COVID VACCINE (copy)

Nurse Practitioner Sandra Handysides prepares a dose of the COVID-19 vaccine at the Grand Traverse Band of Ottawa and Chippewa Indians Health Clinic in December.

TRAVERSE CITY — Patience is the best medicine and that’s what health officials are asking for as statewide efforts to distribute the COVID-19 vaccine ramp up to include some essential workers and people over 65.

Websites are crashing and phone lines are overwhelmed at health departments and at Munson Healthcare after Gov. Gretchen Whitmer announced last week that teachers, firefighters, law enforcement officers and jail and corrections staff, as well as anyone over 65, could begin getting the vaccine on Monday.

In addition, some scheduling links were turned off because vaccines that had been ordered were not delivered. Munson got fewer than 1,000 vaccines this week, said Dr. Christine Nefcy, chief medical officer.

“What we requested and what we want to get out is not always the same,” Nefcy said.

It will likely be the end of December before everyone in the state who wants a vaccine will get one, she said.

“The goal broadly is to get as many vaccines into arms as we can.”

On Tuesday links to scheduling forms or surveys were up on the Grand Traverse, Benzie-Leelanau and Northwest Michigan health departments. The forms let people tell the health department they want a vaccine. When it is their turn, or when there is enough vaccine available, they will be contacted.

The link at District Health Department #10 was still down due to lack of vaccine, with an alert on the site letting people know it will be reactivated when more vaccine is available. The department vaccinated more than 1,700 on Monday, though many had to be rescheduled.

Hospitals and health departments make a request every week for how much vaccine they want, though it’s uncertain from week to week how much they’ll actually get, Nefcy said. The federal government allocates doses to the states, which then distribute it. Clinics are adjusted based on what they get, she said.

District Health Department #4, which covers Alpena, Cheboygan, Montmorency and Presque Isle counties, on Tuesday had no way for people to sign up online and no one was answering the phones.

Sara Zaucha spent Monday trying to get her parents on a vaccine list. Zaucha lives in New York City. Her parents, who are both 69, live in Cheboygan. Zaucha said she went to the DHD#4 Facebook page, which directed her to the website, which gave her a number to call. When she called, no one answered and she couldn’t leave a message because the mailbox was full.

“Between my mom and I we probably called 100 times, but we couldn’t get through to anyone,” Zaucha said. “I’m really frustrated. I don’t even know the plan going forward.”

Dianne Michalek, vice president of communications for Munson Medical Center, said there are about 132,000 people over the age of 65 in the Munson Healthcare region, with 1.8 million in the state.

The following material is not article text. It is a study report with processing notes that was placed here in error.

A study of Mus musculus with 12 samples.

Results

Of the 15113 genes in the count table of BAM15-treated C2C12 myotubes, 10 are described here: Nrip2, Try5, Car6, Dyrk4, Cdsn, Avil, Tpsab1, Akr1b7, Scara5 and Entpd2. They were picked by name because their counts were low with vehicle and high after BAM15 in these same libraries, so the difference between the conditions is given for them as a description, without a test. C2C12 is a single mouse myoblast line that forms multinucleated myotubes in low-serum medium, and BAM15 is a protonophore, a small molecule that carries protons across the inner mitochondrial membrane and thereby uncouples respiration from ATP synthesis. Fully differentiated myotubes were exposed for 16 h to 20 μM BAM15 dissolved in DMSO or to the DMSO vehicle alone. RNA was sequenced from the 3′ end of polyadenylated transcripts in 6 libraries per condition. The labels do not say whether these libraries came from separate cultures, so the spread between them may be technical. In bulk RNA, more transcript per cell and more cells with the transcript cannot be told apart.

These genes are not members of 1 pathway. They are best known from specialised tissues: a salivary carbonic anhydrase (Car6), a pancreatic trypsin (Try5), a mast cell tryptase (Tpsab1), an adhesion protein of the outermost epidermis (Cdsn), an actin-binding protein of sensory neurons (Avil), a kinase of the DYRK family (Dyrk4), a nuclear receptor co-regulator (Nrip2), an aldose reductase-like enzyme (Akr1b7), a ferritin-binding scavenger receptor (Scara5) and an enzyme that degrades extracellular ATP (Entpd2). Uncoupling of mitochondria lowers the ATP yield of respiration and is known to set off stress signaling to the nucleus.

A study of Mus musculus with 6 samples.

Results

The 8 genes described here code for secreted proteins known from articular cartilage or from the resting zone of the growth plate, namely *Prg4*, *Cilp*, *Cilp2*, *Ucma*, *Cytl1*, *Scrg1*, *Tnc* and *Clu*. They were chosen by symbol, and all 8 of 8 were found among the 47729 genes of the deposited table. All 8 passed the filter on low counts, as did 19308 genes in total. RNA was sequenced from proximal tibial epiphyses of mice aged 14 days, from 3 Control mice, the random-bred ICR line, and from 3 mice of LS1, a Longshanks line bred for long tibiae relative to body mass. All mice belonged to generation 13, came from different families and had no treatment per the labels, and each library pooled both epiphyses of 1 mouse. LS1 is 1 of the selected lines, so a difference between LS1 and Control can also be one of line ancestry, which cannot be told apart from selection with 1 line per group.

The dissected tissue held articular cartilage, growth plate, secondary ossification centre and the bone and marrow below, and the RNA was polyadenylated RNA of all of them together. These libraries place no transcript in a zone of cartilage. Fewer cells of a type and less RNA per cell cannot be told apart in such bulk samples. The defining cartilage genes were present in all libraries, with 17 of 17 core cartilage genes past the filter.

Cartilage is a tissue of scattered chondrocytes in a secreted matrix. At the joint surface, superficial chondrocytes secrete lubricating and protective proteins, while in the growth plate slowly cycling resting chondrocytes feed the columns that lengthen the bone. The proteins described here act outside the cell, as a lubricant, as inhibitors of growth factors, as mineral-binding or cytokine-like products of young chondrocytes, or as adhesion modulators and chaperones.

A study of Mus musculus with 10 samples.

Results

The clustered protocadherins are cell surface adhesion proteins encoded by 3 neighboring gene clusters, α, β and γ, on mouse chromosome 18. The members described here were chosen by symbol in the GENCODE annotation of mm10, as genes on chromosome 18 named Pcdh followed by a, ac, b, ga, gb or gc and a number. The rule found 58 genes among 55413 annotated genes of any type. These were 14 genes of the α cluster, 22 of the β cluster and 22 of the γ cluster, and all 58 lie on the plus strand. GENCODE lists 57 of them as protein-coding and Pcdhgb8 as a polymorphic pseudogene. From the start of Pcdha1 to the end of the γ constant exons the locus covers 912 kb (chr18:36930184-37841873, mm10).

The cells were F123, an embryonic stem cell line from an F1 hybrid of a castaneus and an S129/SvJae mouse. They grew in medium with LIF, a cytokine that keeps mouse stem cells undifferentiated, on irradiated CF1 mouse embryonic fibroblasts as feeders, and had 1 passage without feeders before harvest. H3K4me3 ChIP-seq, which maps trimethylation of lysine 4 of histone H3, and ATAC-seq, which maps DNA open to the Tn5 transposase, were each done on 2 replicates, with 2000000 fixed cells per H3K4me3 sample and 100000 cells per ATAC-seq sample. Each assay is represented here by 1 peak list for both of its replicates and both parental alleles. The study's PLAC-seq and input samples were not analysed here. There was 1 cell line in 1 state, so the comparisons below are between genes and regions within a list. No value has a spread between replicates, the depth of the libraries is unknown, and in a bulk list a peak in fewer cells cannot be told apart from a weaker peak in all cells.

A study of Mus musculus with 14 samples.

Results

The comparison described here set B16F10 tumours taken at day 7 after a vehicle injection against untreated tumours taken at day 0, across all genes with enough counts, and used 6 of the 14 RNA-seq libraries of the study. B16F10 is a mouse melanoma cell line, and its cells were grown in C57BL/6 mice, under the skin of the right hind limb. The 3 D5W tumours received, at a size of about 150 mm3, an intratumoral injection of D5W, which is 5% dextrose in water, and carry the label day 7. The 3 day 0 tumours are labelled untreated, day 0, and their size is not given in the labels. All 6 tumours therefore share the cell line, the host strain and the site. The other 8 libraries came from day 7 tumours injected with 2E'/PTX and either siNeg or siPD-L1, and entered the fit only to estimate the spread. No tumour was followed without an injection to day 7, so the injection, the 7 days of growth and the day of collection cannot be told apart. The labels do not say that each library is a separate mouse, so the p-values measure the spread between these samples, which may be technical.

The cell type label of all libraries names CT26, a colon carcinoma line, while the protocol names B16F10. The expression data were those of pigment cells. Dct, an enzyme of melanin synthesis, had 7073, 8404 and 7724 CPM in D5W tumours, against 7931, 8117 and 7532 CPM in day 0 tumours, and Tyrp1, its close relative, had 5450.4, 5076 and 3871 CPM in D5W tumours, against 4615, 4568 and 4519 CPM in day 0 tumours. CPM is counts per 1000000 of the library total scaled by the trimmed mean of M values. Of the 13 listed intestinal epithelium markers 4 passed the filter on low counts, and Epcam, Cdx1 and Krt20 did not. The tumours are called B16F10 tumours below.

For now, Munson has prioritized people who are 90 and over. Staff spent the weekend through Monday identifying, contacting and scheduling those who were eligible and planned to give 300 doses on Tuesday.

Five more clinics are being scheduled in northern Michigan through the end of this week and next with the goal of giving a total of 2,000 vaccines both this week and next, Michalek said.

“We are hopeful that as manufacturing and supply increases we will begin to see more predictable doses allocated out,” she said. “It’s just hard to know when that will be realistic.”

Those who are established patients with a Munson Healthcare primary physician or specialty practice and are eligible for the vaccine do not need to sign up, Michalek said. They will be contacted by Munson to schedule an appointment.

People should not call their doctor or clinic as vaccines are not now being given in offices, she said.

“We already know who patients are that meet the criteria,” Michalek said.

Anyone who is not an established patient can visit the website of their regional health department to get on a vaccine list. When it is their turn, the health department will call them to schedule an appointment.

Wendy Hirschenberger, health officer for the Grand Traverse County Health Department, said testing, contact tracing and enforcement efforts are still being done in addition to holding vaccine clinics.

The goal was to give 700 vaccines this week, Hirschenberger said, which will be ramped up to 3,500 next week and each week for the foreseeable future.

“And, of course, all this is based on vaccine availability. That is the driver,” she said. “We appreciate that everyone is enthusiastic ... but it is going to be another 10 to 11 months of this.”

Lisa Peacock, health officer for the Benzie-Leelanau and Northwest Michigan health departments, said the goal is to increase access points across the region to distribute vaccine, but appointments have to be scheduled week by week.

“So please be ready for quick turnaround when we call or email you,” Peacock said.

COVID-19 vaccines are given by appointment only with social distancing and a 15-minute waiting period observed after the vaccine to make sure there is no allergic reaction because it is so new — all of which makes the vaccination process more time consuming, Peacock said.

A hotline has been established to schedule appointments for those 65 and older who are not computer literate or do not have internet service. The number, 231-715-5557, serves 10 counties, including Antrim, Benzie, Charlevoix, Emmet, Kalkaska, Grand Traverse, Leelanau, Manistee, Missaukee and Wexford. It is hosted by the Area Agency on Aging of Northwest Michigan, which will help callers get scheduled at the right clinic.

Peacock said if people don’t get through they should wait a couple of days and try again.